I'm attempting to cast the spell on a normally non-hostile creature that has been affected by poison. The character is attempting to use Lay on Hands to neutralize the poison in order to avoid having to kill the creature.


The text of the Lay On Hands ability states:

As an action, you can touch a creature and draw power from the pool to restore a number of hit points to that creature, up to the maximum amount remaining in your pool.

From Range (Players Basic p79)

Range

The target of a spell must be within the spell’s range. For a spell like magic missile, the target is a creature. For a spell like fireball, the target is the point in space where the ball of fire erupts.

Most spells have ranges expressed in feet. Some spells can target only a creature (including you) that you touch. Other spells, such as the shield spell, affect only you. These spells have a range of self.

Basically, if you are adjacent (on a square grid this is in an adjacent square, in a gridless style, this is 5' or less away (or in melee range without reach if that's what you're tracking).

Lay on Hands doesn't require an attack roll, it just happens. There is not a specifier that the creature is willing, again, if you can touch them it happens. Your DM may want to include a saving throw or make it a melee attack, but this is would be a house rule, not a RAW interpretation. The RAW here is that if you're in range, and there are no qualifiers, the effect happens. If you want to add a house rule, take a look at the Light cantrip for a solid implementation.

Also, it's worth asking yourself why you want to use it on an enemy? It has no negative effect on them, and would mean you are restoring them HP.


You can argue it into an "attack" several ways, but all such arguments are trying to rely on strict rules for this corner case in a game that doesn't have strict rules for corner cases; a game that instead expects the group and the DM to run odd corner cases like this in a way that makes sense to them. And if you're asking yourself "how does this even work?" then it doesn't make sense to do it that way.

For your specific case — trying to heal a normally non-hostile creature of a poison that makes it hostile — the way that makes sense is to capture and restrain the creature so that you can administer healing. Grapple, net, trap, charm — whatever works. Immobilise or neutralise the creature so that you can approach it and use the non-attack ability to lay on hands (sounds gentle and takes a few moments of non-violent contact, doesn't it?) to purge the maddening poison from its blood.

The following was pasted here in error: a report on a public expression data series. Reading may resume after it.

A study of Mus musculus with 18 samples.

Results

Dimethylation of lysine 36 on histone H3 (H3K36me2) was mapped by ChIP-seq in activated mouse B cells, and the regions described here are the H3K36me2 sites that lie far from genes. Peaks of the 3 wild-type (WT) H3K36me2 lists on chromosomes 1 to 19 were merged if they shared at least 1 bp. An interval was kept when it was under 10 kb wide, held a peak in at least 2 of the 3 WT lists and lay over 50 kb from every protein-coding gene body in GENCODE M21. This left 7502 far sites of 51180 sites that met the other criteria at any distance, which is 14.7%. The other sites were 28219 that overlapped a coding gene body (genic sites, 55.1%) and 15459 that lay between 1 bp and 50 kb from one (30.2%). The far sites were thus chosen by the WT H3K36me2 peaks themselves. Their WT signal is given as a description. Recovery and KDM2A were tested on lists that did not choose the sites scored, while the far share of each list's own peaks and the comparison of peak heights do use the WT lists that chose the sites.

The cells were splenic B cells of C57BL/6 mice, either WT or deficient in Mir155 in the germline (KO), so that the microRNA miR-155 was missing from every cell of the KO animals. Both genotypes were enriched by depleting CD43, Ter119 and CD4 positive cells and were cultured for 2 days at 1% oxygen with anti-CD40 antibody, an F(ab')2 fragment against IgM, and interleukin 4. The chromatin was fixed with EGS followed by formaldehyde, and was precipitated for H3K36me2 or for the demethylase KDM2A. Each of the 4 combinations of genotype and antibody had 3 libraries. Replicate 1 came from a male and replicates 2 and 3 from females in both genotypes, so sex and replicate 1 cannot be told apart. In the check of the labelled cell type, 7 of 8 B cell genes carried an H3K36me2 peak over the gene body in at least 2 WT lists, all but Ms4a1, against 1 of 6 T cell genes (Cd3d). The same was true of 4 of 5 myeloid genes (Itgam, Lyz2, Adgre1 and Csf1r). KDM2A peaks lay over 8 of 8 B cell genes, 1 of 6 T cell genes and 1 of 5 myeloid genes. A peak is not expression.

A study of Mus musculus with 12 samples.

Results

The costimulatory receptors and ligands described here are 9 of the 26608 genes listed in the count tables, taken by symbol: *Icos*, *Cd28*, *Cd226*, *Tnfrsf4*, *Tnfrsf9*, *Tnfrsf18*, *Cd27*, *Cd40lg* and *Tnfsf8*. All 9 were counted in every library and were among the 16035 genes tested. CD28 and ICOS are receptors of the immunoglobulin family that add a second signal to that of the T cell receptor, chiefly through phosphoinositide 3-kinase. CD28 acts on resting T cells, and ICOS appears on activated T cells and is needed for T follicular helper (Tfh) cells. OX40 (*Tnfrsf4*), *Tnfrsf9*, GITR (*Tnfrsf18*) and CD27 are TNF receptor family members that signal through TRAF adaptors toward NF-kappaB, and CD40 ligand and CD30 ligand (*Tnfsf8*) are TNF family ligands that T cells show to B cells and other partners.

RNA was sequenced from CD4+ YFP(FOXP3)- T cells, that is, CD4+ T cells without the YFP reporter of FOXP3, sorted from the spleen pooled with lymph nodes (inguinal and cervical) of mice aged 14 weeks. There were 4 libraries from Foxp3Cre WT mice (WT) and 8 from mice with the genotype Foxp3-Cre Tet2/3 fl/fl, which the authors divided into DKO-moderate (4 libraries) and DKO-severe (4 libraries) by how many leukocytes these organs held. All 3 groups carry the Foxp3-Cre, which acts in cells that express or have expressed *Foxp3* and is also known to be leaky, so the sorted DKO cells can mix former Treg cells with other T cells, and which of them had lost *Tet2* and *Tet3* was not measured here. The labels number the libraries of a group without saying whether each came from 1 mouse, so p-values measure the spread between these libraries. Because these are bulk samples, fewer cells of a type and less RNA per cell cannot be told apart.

Don't forget you can knock it out

Your desire to do this instead of killing it suggests that you're unaware of the easiest option: just hit it until it's unconscious. In D&D 5e, whoever deals the damage that brings a creature to 0 hit points has the choice (if it was a melee attack) of what happens: either killing it, or just knocking it unconscious. It doesn't have to die. See Knocking a Creature Out on page 198 of the Player's Handbook.

That's the simplest, easiest way to deal with this creature: hit it in melee until it stops moving, heal it of its poison madness, and then continue on your way.

  • \$\begingroup\$ This makes more sense to me. When I read Lay on Hands, it does not sound like a simple Touch and run. In other words, the healing power does not go on the hand and as soon as you touch, is applied. So having to somehow neutralize the target first is a requirement. \$\endgroup\$ – Alexis Wilke Oct 12 '15 at 8:17

It is merely an action that let's you restore HP or remove specific conditions. There is no language about it healing or damaging certain types of creatures as channel divinity had in various versions of the playtest. As written Lay on Hands simply effects the target if you trigger it in range.


Thematically, you can think of Lay on Hands as a bit more involved of a process than just briefly making contact with the target. Keeping in mind that a round is 6 seconds, actions are really more involved than you might otherwise be inclined to think. e.g. an attack roll represents not a single swing of the sword, but up to a full 6 seconds worth of engaging in combat, weaving and dodging, and taking advantage of one (or more!) openings, distractions, and weaknesses in the target's defense.

Likewise, Lay on Hands is an action taking place over (up to) six seconds. If you think of the game as a movie and how you might expect this to play out cinematic-ally, Lay on Hands would be the character kneeling down, gently placing their hands on the target, closing their eyes, and praying for a second or three. The actual effect would take a couple of seconds of continued contact and concentration.

Thus, if you accept this interpretation, laying on hands is not something you can really do in combat as an attack. It's not just a hand darting in past a defense when there's an opening; it's a prolonged action that takes up to a whole round of (relatively) intimate contact. The closest rule you have in the D&D 5E book that accomplishes this (and this is based off of some monsters' abilities with similar needs) is a grapple: that thematically would be the character restraining the target well enough and long enough with the necessary contact to complete the full process of laying on hands.

That would be my interpretation of how to apply these rules. As others have already said, though, the 5E rules leave a lot up to the GM. You're free to consider laying on hands to be a more instantaneous effect and rule appropriately.